Roundtable: Everything You Need to Know about Virtual Networking
- 3 Min Read
An oxymoron is a group of words that join two opposite ideas, like alone together and fun diet. And for many business networkers and B2B organizations, networking and social distancing can sound like just that – an oxymoron. But with the right strategy, it doesn’t have to be.
So how do networkers stay connected through the distance? We asked our most seasoned people persons to weigh in.
What is the biggest challenge for organizations that rely on making relationships and sales with in-person networking during COVID-19?
Tracy Saathoff, VP of Insights, Strategy & Media: Connecting with clients – not logistically but emotionally and personally. Yes, you can see them over video, but it’s hard to relay empathy and be ‘in it’ with someone when you’re divided by a screen.
John Pohlman, Executive VP/Executive Creative Director: The best opportunities happen when like-minded people congregate. Without the ability to come together, networking can become deliberate and targeted and inherently less natural and human.
What tactics do you rely on for virtual networking? Any best practices?
Jamie Hegge, Director of Client Service: Zoom has been a lifesaver for virtual business. Nonverbal cues play a major role in connecting and storytelling, and you’re able to get some of that on a video call that you can’t get by just using email or phone.
Ryan Budmayr, Director of Political & Public Affairs: Be punctual to work through any early tech problems. Don’t wait until two minutes past the meeting time to log in only to realize your speakers aren’t working or you have the wrong call-in number.
How do you make it feel personable without in-person meetings?
Tracy: I’ve started doing more texting, calling and card writing. Beyond that, most in-person best practices still apply virtually. Ask questions to get to know someone. Listen, and be interested in them. And do your homework before you come to the meeting so you can provide value.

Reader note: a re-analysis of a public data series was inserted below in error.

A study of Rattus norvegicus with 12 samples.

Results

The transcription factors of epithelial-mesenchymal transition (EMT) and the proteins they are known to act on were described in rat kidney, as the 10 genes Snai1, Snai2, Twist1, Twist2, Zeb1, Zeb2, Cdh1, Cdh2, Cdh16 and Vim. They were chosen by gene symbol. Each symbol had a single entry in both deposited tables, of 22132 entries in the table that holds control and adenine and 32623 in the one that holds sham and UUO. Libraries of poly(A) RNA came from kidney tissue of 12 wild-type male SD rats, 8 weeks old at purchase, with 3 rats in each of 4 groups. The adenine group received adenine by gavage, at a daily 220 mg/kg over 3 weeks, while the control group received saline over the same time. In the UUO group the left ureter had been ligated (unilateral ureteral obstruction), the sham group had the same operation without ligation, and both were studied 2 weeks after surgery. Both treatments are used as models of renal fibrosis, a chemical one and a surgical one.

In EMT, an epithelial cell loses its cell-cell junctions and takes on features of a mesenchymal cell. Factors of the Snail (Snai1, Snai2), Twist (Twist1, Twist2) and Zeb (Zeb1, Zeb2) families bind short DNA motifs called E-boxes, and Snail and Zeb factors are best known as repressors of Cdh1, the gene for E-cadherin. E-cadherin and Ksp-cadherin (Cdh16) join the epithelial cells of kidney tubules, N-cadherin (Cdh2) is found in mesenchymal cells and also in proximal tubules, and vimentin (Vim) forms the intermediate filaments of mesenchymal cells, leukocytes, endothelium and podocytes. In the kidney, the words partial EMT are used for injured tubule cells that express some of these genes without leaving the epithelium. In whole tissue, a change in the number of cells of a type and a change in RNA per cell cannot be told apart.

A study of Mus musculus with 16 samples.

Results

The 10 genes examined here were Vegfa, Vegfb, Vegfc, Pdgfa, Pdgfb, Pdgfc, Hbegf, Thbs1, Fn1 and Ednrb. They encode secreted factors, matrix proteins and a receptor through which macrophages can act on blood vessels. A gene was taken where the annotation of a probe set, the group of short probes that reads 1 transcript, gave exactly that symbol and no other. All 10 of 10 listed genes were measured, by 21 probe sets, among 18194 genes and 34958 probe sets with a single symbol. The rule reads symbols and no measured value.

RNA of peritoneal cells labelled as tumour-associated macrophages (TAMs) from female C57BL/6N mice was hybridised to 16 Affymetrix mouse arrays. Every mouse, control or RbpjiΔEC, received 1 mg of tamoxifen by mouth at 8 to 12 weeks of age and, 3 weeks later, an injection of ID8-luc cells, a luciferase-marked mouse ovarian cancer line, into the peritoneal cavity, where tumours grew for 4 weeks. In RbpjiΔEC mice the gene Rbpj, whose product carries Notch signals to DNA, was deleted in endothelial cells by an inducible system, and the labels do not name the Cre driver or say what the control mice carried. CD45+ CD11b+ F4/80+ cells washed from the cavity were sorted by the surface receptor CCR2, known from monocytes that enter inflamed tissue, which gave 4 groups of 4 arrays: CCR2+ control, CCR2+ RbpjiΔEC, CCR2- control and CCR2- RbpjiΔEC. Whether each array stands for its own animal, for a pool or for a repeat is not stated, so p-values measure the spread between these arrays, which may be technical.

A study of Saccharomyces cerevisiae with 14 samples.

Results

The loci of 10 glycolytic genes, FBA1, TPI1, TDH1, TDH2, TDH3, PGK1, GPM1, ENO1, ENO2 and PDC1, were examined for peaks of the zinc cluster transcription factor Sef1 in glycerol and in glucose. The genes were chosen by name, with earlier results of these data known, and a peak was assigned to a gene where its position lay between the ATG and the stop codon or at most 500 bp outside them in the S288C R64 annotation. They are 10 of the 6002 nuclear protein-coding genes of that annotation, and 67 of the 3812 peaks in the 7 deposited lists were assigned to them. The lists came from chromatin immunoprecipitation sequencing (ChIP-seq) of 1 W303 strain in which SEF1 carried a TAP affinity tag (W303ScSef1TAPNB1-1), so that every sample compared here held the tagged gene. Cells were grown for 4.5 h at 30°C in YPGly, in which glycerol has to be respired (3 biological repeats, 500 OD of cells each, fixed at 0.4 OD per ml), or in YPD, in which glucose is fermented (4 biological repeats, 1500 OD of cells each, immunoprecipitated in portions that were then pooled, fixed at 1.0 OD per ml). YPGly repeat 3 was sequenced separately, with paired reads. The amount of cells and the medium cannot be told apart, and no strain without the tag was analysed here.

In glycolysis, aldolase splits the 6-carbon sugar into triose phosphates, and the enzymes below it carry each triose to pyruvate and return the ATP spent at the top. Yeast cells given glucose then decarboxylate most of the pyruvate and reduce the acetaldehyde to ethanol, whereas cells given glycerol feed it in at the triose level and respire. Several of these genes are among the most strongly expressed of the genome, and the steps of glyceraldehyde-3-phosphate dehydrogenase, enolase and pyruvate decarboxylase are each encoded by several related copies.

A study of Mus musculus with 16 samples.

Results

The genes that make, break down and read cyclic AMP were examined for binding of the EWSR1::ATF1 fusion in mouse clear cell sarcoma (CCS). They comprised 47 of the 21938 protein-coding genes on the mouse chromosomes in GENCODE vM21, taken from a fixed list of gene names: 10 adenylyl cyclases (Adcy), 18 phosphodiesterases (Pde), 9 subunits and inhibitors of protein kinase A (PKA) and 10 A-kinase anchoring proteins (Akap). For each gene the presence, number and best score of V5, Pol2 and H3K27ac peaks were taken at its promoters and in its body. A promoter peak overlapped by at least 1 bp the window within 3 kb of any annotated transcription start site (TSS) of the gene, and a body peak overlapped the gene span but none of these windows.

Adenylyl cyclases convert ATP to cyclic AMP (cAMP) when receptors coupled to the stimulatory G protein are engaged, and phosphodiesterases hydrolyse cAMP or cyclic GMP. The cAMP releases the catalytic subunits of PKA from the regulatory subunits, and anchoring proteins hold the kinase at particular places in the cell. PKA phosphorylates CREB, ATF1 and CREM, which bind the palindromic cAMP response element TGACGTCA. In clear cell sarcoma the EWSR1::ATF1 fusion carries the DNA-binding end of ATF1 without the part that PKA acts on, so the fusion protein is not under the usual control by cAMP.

Jamie: Always turn your video on for Zoom calls. People do business with people they like, and it’s a lot easier to establish a connection with someone when you can see them.
Is there a right or a wrong way to reach out and establish new connections while being quarantined?
Jamie: The right way is to give people information about the crisis or the industry and let them know you’re there should a need arise. Being available as a resource or a sounding board will go farther right now than being a salesman.
Ryan: Unless there’s value that you can add to a new connection, I’d be careful. Any opportunities to have someone make introductions on your behalf (via email or text) is great.
Tracy: Reach out to people you are genuinely interested in. Don’t waste time if you’re not. I’ve found an awkward in-person meeting is five times more awkward on Zoom.
How can companies shift their focus from events or trade shows right now? Where should they invest their efforts?
John: Find an interesting way to provide them with the information they would have learned and opportunities to connect with people they might have been able to meet. This is great time to take stock in your online presence, and, if necessary, bolster your website. With that web presence, you can feature your people and their expertise through online content, social channels and digital events.
Tracy: Virtual events are gaining a ton of steam right now. One way to spark networking (and some much-needed socialization) is by organizing small groups into panels and having participants submit questions in the chat.
How important is it to keep in touch digitally with leads during the pandemic?
Ryan: It’s important to checkin, but it’s also important not to push. People will remember how companies and people handled this pandemic, and it’s vital to leave a positive impression.
Tracy: Try to look for other reasons to connect with them beyond COVID – if you saw a funny show, a video made you think of their business, etc. COVID is on overload, and we’re all more than quarantined people. Think of other things to send them – they’ll appreciate the break and so will you.
When the pandemic is over, how important is it that B2B companies maintain some virtual networking practices?
John: Very important. Companies are realizing that not everything has to be done face-to-face to be effective. After COVID, I expect the business world will operate with a different set of rules about travel, meetings, conferences and socialization. Virtual networking will be what fills that gap in a very cost-effective, low-risk manner. While I desperately hope everything goes back to the way it was, I’m pretty certain it’ll never be the same again.
The Big Takeaway: Best Practices
- Bring value or a unique perspective.
- Be accommodating and get your tech in order.
- Make it personal! You are meeting with real people.
- Share information or encourage discussion in creative ways.
- Remember that extra effort (when done correctly and tastefully) goes a long way right now.